Hershey workers: Foreign students’ protests seem legitimate
Patriot News editorial board
August 21, 2011
All the ramifications of the foreign exchange students’ protests last week at facilities where Hershey chocolate is packaged are yet to be seen, but a few things already are clear.
First, the expectations of the international students were far different from their reality, packaging chocolate in a Hershey warehouse. Second, through the layers of contractors and companies involved, there is a lot of finger pointing and “don’t look at me” reaction going on. Hundreds of foreign students staged a walkout at the warehouse on Wednesday and then held oher rallies, saying a summer program they paid thousands of dollars to go on was not the cultural exchange they anticipated.
They work in warehouses with other foreign students, and their paychecks are smaller than expected because housing costs, which they had no control over, are automatically deducted.
The Hershey Co. says it does not hire workers for the warehouse.
Exel, a company in charge of day-to-day operations at the facility, says it contracted for the workers with a local labor supplier, SHS Staffing Solutions, which, in turn, says it only handles payroll and schedules for the students.
Meanwhile, the U.S. State Department, which says it is investigating, runs the J-1 program that gave the students visas that brought them to the United States, and the Council for Educational Travel U.S.A, a nonprofit organization that recruited the students for the warehouse work, says students knew what they were getting into.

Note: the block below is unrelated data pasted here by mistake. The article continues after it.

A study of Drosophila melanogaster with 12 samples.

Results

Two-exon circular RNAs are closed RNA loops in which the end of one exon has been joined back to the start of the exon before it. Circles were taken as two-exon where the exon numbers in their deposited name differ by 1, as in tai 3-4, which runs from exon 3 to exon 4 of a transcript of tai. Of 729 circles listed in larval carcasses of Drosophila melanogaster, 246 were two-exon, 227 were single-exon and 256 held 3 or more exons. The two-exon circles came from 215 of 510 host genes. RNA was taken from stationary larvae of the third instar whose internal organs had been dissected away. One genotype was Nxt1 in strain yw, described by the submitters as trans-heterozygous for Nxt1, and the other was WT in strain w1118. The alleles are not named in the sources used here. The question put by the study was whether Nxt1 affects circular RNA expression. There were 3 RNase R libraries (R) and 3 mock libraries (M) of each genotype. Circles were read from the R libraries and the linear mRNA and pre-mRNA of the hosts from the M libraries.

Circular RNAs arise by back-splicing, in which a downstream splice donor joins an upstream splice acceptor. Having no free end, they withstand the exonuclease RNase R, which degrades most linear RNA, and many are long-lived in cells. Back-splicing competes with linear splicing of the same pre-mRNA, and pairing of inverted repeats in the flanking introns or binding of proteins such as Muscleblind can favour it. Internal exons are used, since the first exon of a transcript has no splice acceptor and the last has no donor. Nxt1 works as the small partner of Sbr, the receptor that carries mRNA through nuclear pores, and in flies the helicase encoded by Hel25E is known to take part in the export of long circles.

That is confusing enough. Add to the mix labor unions, which say they got involved in the protest to support the students, but also were quick to rally around and push the notion that these warehouse positions could be held by American workers.
Cutting through any agenda and scapegoating, the concerns of the foreign students do seem legitimate. They say they anticipated making more money — some spent as much as $6,000 on the program expecting to make it all back — and having time to travel and meet Americans.
In particular, the Council for Educational Travel U.S.A. says the contracts the students signed made clear what kind of work they would be doing. That might be true, but it is certainly not the sense you get from the photos and descriptions on its website. Smiling students mugging for the camera wearing Mickey Mouse ears, playing in the snow and sticking their heads out of a car on a highway with a beautiful mountainous vista behind them suggest a far different trip to the United States than working a night shift in a warehouse.
“Our motto is ‘Founded on Friendship,’¤” are the opening words on the website. It is easy to see why students would believe there would be time to travel and “live your dream” as the website promises.
Whether these jobs should be held by American students, out-of-work laborers, union employees or seasonal workers is a different conversation for a different day. What is clear now is these 400 foreign students feel deceived.
The companies involved should make amends in some way. We should be sure the students see more of America than factory walls.
In the end, these students have learned a lot about the U.S.
They now understand the right to protest in a democracy, and let’s hope in the end they take away other positive lessons from their time in our country.